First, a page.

The Justice Secretary, Dominic Raab, recently announced that the parole system in England and Wales is set to be reformed. Going forward, the release of the most dangerous offenders will be subject to greater ministerial scrutiny. Victims will also be allowed to attend parole hearings in person, and ask questions.
Reforms & Parole System
Parole is when an offender is released from custody before the end of their sentence. The offender may either be transferred to an open prison, or released back into the community subject to certain conditions.
Most offenders serving four or more years in prison become eligible for parole at some point during their sentence. When this happens, the offender can apply for parole. The Parole Board then reviews this application and decides whether to accept or deny the request. A parole hearing may be needed first, especially if there is a realistic prospect of parole being granted. The Parole Board’s decision is based solely on whether a prisoner would represent a significant risk to the public if released or transferred to open prison conditions.
Reform of the parole system
A review of the parole system was recently carried out. It examined the status of the Parole Board, the involvement of victims and the overall performance of the parole system to date. A package of reforms has been recommended off the back of this review, which are said to put the emphasis “firmly back on public protection”.
Firstly, the wording of the legislation will be changed to make it absolutely clear that the only priority is whether the prisoner is safe to release.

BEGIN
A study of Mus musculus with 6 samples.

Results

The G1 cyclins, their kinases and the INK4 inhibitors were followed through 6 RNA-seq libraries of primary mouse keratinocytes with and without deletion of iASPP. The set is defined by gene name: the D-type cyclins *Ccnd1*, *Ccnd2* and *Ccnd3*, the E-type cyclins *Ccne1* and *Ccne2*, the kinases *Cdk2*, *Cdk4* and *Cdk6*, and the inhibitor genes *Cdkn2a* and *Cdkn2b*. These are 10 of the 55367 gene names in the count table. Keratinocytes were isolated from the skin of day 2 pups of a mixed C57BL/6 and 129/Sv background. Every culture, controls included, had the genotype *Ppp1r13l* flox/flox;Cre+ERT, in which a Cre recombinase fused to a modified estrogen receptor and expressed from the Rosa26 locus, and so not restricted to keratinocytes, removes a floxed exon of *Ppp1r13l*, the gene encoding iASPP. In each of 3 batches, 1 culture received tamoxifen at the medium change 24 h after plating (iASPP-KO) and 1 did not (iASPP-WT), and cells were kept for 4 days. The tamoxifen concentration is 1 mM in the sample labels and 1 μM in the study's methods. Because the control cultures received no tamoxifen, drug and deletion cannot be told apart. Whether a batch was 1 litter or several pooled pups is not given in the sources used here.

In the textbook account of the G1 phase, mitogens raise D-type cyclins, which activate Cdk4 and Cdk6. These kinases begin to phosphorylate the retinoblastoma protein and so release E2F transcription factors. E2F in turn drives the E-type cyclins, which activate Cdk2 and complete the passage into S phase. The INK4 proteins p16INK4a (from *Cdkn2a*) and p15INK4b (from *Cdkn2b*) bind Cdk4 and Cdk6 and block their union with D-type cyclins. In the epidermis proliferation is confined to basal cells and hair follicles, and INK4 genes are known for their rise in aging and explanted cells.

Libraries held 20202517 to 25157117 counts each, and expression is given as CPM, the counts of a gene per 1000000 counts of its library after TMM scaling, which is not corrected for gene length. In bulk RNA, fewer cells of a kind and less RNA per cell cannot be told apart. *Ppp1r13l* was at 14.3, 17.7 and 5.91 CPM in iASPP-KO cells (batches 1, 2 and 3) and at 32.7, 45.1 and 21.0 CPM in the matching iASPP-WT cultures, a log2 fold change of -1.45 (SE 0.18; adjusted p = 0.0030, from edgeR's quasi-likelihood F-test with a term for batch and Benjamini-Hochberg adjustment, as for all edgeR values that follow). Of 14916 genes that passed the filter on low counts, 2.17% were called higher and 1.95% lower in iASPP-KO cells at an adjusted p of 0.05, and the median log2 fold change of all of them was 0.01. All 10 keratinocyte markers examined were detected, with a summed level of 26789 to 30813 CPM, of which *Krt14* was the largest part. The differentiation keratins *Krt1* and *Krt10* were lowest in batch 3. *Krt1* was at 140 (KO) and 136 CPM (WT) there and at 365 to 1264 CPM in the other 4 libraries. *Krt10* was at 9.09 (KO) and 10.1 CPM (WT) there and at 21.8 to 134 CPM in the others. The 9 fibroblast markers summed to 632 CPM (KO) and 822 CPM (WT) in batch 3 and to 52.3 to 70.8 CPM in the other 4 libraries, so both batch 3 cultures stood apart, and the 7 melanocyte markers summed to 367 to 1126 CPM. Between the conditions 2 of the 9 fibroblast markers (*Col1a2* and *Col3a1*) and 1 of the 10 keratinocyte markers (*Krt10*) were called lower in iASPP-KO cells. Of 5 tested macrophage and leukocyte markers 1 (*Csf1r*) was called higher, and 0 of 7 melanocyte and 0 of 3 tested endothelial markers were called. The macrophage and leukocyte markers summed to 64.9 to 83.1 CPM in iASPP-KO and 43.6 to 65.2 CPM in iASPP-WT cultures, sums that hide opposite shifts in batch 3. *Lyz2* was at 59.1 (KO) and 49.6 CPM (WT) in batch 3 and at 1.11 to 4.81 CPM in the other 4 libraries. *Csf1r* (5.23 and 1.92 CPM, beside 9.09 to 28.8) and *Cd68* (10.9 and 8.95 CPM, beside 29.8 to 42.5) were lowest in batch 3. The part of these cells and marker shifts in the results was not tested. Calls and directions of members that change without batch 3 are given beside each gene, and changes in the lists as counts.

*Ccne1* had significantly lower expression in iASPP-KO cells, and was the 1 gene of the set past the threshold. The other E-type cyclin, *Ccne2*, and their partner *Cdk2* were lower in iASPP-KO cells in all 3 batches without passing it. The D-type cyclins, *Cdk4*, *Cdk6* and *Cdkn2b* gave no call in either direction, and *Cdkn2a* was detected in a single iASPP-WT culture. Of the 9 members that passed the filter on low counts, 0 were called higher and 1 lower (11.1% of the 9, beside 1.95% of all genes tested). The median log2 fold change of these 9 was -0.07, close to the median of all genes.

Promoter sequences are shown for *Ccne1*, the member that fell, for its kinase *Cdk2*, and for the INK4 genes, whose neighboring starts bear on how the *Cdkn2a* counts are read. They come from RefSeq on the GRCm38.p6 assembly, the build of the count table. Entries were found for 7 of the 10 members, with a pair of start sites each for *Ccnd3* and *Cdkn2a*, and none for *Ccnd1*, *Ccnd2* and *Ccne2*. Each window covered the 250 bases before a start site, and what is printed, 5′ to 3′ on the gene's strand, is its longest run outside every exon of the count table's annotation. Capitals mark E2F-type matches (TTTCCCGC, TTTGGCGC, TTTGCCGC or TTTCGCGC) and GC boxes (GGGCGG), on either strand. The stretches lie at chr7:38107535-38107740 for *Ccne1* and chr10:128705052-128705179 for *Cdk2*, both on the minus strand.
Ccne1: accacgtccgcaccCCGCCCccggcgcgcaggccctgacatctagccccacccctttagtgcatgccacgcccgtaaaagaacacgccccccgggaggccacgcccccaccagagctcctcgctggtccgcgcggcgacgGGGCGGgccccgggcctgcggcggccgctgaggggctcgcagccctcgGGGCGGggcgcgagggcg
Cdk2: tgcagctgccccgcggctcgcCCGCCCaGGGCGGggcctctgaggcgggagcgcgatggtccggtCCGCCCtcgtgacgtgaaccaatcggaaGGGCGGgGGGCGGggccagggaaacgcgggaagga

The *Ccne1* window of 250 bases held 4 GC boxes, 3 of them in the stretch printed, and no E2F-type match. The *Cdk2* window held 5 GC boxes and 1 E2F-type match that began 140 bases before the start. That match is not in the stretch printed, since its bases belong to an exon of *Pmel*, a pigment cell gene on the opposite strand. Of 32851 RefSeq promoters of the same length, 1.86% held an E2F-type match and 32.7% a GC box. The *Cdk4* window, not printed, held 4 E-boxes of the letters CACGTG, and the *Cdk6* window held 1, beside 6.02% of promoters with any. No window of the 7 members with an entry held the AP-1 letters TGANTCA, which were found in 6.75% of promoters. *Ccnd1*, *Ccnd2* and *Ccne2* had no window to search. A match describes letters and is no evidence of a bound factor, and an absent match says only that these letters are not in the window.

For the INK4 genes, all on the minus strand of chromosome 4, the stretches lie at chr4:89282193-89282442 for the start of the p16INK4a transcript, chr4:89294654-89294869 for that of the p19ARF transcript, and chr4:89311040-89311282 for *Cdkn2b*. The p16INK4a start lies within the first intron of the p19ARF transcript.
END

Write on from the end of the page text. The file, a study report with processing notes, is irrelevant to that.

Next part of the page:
Secondly, the release of the most dangerous offenders will be subject to greater ministerial scrutiny. The Justice Secretary will be able to block the release of prisoners where it is in the interest of public safety. The minister can also prevent particular prisoners from being transferred to open prison conditions.
Thirdly, more Parole Board members will be recruited from policing backgrounds. This will be enshrined in law. The logic is that such members have first-hand experience dealing with all types of offenders, including dangerous offenders. Those with policing backgrounds must also sit on hearings for the most high-risk prisoners.
Fourthly, victims are to be given a greater voice in the process. The Parole Board must now consider submissions from victims when making release decisions. Victims can also attend parole hearings in person and ask questions. The Parole Board is to trial the provision of more detailed letters to victims, explaining their reasoning behind a decision. The media and prisoners will also have the chance to apply for a public hearing.
The review also recommended that the Parole System Oversight Group examine delays and duplications in cases involving re-release after a recall on licence. Currently, such decisions take up a lot of the Parole Board’s time. It is hoped the Group can generate potential solutions.
Are you due for parole?
If you’re due for parole, we recommend asking one of our solicitors to help you with the application. We can also represent you at the parole hearing.